Some times it's better to cut your losses than to try to salvage the inherently flawed.
In my current day job, I work as a Story Producer in reality TV, where I'm in charge of condensing anywhere from four hours to four days of footage into something that's both understandable and concise. It's a job that would be rife with plenty of challenges all on it's own, but when you start tossing in run-times, local avails, network notes, legal notes, and last minute creative changes, things get infinitely more complex. Rare is the day that goes by that I don't have to make some crazy decision about trying to satisfy two competing and at-odds notes on any given episode, and I'm forced to make some unpopular choices.
Typically, when in a position like that, I try to examine the spirit of the notes and try to find it's root. Once you figure out what the source of the problem is, you're faced with the dilemma of exposition or expulsion. in my opinion, it's almost always the best option to just jettison the thing that's not working, than to spend the extra time and energy to explain why things are the way they are in the scene.
Case in point, this conversation I had with Mike about the finale of the script. There was a gag about a Totem Pole falling on our heroes that was generally great and I, for the most part, really enjoyed. However, as we discussed the choreography for the final scene, we found that trying to include that moment just didn't quite work as easily as it did in the earlier drafts. Hence the dilemma.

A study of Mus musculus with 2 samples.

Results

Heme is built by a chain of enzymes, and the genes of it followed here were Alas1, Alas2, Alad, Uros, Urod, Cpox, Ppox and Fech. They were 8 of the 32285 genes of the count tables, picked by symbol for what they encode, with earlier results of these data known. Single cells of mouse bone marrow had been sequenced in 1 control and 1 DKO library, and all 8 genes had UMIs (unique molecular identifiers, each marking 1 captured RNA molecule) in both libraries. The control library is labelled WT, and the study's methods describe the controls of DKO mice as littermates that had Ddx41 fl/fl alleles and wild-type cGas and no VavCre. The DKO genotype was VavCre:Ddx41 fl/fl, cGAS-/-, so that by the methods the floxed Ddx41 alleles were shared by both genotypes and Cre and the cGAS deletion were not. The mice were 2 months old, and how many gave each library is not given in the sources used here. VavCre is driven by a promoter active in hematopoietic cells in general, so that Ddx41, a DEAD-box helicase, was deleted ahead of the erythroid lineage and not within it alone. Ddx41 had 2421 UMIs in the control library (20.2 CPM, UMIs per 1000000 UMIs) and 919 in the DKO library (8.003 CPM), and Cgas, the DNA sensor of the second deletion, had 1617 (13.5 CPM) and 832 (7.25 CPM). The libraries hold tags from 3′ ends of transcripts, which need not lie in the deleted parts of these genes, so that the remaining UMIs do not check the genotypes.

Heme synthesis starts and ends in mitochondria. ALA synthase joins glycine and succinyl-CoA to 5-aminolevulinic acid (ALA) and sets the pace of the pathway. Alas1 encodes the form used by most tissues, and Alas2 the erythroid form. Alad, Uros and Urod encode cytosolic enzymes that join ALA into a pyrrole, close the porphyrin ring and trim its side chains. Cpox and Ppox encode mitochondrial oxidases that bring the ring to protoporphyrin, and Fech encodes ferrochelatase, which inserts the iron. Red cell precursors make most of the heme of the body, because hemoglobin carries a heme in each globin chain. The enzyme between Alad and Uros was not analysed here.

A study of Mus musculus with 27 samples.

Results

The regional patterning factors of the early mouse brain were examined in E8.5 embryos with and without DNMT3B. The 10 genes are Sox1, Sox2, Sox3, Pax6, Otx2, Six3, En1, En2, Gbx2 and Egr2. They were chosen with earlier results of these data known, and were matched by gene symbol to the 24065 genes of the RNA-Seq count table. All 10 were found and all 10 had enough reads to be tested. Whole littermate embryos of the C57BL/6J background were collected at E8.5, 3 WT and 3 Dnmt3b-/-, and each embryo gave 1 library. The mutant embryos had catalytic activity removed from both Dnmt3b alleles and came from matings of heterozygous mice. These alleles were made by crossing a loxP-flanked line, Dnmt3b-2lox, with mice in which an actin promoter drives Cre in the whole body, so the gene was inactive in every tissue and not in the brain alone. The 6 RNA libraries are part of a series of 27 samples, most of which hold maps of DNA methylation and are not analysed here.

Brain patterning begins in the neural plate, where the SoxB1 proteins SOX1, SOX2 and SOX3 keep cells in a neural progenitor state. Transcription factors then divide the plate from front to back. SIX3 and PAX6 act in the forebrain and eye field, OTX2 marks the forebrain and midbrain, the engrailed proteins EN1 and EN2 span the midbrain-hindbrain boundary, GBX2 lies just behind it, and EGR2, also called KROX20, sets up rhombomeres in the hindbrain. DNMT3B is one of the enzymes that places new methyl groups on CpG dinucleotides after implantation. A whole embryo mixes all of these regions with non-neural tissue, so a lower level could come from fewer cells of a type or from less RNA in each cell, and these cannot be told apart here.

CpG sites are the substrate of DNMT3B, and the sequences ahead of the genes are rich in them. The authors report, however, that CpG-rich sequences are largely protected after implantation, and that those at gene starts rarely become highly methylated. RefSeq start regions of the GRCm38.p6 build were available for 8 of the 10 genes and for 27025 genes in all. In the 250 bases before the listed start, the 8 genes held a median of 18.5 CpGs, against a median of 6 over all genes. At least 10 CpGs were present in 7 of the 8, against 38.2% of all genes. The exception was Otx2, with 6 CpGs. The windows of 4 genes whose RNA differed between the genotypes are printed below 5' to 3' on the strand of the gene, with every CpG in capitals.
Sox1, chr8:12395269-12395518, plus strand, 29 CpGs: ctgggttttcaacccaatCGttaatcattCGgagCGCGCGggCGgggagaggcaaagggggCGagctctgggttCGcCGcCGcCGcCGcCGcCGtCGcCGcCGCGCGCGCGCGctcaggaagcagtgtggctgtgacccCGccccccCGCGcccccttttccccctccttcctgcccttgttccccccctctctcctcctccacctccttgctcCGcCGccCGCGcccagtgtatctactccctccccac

We jawed it out for a while, discussion possible permutations of where all the different pieces of the final scene could be, but in the end the best answer to the problem was to cut it entirely. It's a tough thing to do sometimes - losing those moments you love so much - but it's very much a necessary evil when it comes to filmmaking.
But tough decisions are what being a director is all about, right?
When in doubt though, I always remember the KISS philosophy (and no, I'm not talking about the awesome band): Keep It Simple, Stupid. Sure, we could have forced some kind of arbitrary nonsense to make the totem pole gag work, but it would have felt forced and ultimately added unnecessary time thereby hurting the scene as a whole. Instead, by cutting the gag, we've simplified the actions to allow our characters to be more complex in the scene. And in the end, that's what's going to make the movie a great one.
Cutting things to keep them simple, now that's problem solving the Matt Jackson way.